Miami Heat: Opt-Outs All But Guarantee More Of The Big 3
The rest of the league may hate it, but Pat Riley sure loves when a plan comes together — especially when it’s well mastered. Not like the failed power play that recently backfired on Jason Kidd, but something more similar to the summer of 2010 heist that the Miami Heat pulled off.
Riley’s 2014 plot came into view way before the season began, however, it was not until his team failed to compete in the NBA Finals that their vision for the future truly took shape.
Things started with the announcement that Chris “Birdman” Andersen would be opting out of his contract, followed by LeBron James’ decision to do the same. Next came word that Chris Bosh, Udonis Haslem and Dwyane Wade were terminating their deals, and suddenly the Heat had a record $55 million in cap space.
To an outside eye, these moves signaled hope that organizations on the cusp could finally get their hands on the top player in the game.
Fans were watching their hometown teams make trades and stash draft picks all in preparation to clear enough room just to have a talk with James. Believe it or not, many owners and general managers were risking the depletion of their franchises although they actually know that there is no chance that the Chosen One would play for them. Yet they still move as if he could be split into little pieces and sprinkled on every team.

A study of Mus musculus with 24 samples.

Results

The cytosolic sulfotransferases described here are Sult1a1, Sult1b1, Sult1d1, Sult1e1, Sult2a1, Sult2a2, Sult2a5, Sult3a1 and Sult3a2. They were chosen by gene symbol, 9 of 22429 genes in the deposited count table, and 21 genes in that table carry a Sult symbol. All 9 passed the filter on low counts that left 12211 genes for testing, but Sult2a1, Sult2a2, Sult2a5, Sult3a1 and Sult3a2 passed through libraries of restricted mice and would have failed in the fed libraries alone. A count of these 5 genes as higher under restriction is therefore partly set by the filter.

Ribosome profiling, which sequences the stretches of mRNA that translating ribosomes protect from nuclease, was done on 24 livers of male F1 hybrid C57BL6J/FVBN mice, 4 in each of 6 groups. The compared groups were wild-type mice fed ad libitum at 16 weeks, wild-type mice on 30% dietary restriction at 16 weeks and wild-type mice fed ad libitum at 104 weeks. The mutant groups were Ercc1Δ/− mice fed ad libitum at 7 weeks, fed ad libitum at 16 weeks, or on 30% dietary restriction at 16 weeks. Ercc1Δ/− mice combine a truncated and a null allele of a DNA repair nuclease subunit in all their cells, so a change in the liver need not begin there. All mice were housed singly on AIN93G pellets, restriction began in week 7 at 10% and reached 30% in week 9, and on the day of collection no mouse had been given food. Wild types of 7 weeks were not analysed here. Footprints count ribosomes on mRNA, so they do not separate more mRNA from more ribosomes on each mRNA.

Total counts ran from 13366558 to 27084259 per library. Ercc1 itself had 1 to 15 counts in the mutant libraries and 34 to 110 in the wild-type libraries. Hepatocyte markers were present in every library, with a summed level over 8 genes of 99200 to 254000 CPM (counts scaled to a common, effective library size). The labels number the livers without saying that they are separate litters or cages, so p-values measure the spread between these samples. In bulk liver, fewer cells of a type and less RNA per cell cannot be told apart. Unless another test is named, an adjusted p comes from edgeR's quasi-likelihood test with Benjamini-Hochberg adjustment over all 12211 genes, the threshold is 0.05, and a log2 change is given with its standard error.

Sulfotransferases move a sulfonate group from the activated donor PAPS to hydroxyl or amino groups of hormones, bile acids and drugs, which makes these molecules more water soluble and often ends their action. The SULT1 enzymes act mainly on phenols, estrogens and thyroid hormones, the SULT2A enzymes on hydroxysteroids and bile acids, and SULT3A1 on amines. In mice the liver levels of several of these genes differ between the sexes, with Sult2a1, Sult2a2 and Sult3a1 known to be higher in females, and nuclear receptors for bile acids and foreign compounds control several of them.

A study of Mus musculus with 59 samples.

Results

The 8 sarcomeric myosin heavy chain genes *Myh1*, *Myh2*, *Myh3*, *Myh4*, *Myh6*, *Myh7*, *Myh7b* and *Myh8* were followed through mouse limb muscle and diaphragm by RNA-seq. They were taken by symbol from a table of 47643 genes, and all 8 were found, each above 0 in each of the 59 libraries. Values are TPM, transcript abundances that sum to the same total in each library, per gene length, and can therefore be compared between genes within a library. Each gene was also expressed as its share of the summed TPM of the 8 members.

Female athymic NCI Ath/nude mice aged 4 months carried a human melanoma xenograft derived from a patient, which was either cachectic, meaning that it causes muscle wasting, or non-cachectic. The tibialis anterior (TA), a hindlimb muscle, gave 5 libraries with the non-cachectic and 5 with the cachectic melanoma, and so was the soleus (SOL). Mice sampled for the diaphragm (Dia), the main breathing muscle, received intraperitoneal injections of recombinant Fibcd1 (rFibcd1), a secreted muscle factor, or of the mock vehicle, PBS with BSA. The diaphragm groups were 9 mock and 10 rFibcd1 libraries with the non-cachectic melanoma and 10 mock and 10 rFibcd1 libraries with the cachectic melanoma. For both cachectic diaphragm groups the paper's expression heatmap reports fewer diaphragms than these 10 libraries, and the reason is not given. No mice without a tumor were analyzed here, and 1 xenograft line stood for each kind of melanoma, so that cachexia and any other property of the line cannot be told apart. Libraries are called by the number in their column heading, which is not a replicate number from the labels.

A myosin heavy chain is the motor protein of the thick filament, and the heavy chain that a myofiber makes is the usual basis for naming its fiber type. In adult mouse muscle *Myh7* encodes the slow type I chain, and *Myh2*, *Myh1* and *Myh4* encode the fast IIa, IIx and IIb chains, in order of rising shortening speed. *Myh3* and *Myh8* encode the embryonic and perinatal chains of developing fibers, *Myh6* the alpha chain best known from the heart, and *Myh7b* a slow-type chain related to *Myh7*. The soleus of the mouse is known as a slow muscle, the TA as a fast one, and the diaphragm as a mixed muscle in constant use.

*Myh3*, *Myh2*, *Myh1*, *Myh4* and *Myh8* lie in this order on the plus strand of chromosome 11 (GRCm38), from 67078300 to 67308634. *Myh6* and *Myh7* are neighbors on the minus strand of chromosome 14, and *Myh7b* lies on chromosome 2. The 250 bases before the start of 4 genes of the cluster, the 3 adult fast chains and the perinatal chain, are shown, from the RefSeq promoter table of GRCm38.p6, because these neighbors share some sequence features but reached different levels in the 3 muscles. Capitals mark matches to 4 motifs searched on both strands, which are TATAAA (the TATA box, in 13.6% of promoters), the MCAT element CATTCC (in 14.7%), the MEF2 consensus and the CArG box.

But on Biscayne Bay, the five opt-outs were seen as a way to retool the way Riley envisioned. This meant that their owner Micky Arison could afford to sign his stars to longer deals that spread their money out over the course of years, while key positions were filled. It’s as if they’re simply continuing to execute their theme of sacrifice, which falls in line with why the South Florida Sun-Sentinel’s Ira Winderman believes there are too many reasons for James to think about leaving:
“…between vacationing with Ray Allen and James Jones, meeting with his fellow Heat stars, and making a pointed statement about the Heat’s draft, he has made himself a co-pilot with Pat Riley in the Heat’s offseason… Too many have followed his lead in recent days for him to then up and lead elsewhere.”
Nevertheless, overt confidence shouldn’t be on the Heat’s mind, not even if the reports are true about the Big Three coming together to discuss their South Beach financial options.
The truth is, players can’t be inked to new deals until July 10, so there’s always the possibility that things can go south. Just ask Riley how that one-week wait worked out for him — in the summer of 2000 — when Tracy McGrady pulled the silent switch on his verbal agreement and signed on in Orlando.